SEC Whistleblower Rule Excludes Money Awards to Attorneys and Others Violating Attorney-Client Privilege and Confidentiality
Lawyers for the Profession® Alert
Securities and Exchange Commission’s Implementation of the Whistleblower Provisions of Section 21F of the Securities Exchange Act of 1934.
The Securities Exchange Commission (SEC) issued a final rule that provides for money to be awarded to whistleblowers who come forward with new information on violations of the Securities Exchange Act of 1934 (SEA) that leads to a sanction exceeding $1 million. The rule specifically excludes information protected by the attorney-client privilege and information obtained as a result of legal representation, unless the disclosure of that information is otherwise permitted by law, including by other SEC rules and state law and ethics rules.
The SEC issued a final rule, Rule 21F, applying whistleblower provisions in the Dodd-Frank Act Wall Street Reform and Consumer Protection Act. Rule 21F-3 authorizes the SEC to award money to people who voluntarily come forward to report original information that demonstrates SEA violations and leads to at least $1 million in sanctions. New Rule 21F-4(b)(2) requires that the information reported come from “independent knowledge,” which is defined as information not available from public sources, and be based on personal experience, observation or communications.
Rule 21F-4(b)(4)(i) specifically excludes attorneys from the monetary award when the lawyer gains information that either is protected by attorney-client privilege or is obtained as a result of the legal representation of a client, by excluding such information from the definitions of “independent knowledge” and “independent analysis.” These exclusions apply to all lawyers, whether retained or in-house counsel. The rule clarifies that this exclusion also applies to nonattorneys who gain otherwise privileged or protected information through a lawyer. An attorney may qualify for the award if he or she gives information that is not subject to the attorney-client privilege or that is not obtained as a result of the representation.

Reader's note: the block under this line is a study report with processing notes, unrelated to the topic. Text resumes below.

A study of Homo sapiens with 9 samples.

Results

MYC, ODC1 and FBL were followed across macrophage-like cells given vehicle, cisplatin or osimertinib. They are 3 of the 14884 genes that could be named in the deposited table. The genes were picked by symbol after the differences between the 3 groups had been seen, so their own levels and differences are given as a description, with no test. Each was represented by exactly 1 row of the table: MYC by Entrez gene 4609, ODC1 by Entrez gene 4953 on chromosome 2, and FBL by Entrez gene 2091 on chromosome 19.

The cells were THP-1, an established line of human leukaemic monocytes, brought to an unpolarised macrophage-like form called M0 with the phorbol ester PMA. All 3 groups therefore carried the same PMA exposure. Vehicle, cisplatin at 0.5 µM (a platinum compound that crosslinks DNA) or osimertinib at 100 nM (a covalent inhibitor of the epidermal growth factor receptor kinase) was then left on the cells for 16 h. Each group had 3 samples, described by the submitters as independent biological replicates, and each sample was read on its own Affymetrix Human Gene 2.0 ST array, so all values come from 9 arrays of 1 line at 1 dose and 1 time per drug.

Importantly, the exclusions also do not apply where a lawyer is permitted to disclose information that is otherwise privileged or obtained as a result of the representation. Those circumstances include when the client waives privilege, the SEC rules permit disclosure, or state law or bar ethics rules allow the attorney to divulge the information. Thus, disclosures permitted or required by the SEC rule (17 C.F.R. 205.3(d)(2)) (permitting lawyers to reveal confidential information under specified circumstances to prevent or rectify SEA violations) or by American Bar Association (ABA) Model Rules 1.6(b) (the crime/fraud exception) and 1.13(c) (up-the-ladder reporting) are not excluded by the new rule from receiving a whistleblower award.
Significance of the Rule
SEC Rule 21F by its terms will not reward a lawyer for bringing original information to light regarding SEA violations if that information arises from attorney-client privilege or client representation, regardless of whether the information arises from an in-house or retained relationship. However, the lawyer may receive such an award if the client waived privilege, other SEC rules allow, or state law or ethics rules authorize the disclosure. As a practical matter, those exceptions permitting an award appear to be broad enough to cover many instances in which attorneys may report information to the SEC.
For more information, please contact your regular Hinshaw attorney.
This alert has been prepared by Hinshaw & Culbertson LLP to provide information on recent legal developments of interest to our readers. It is not intended to provide legal advice for a specific situation or to create an attorney-client relationship.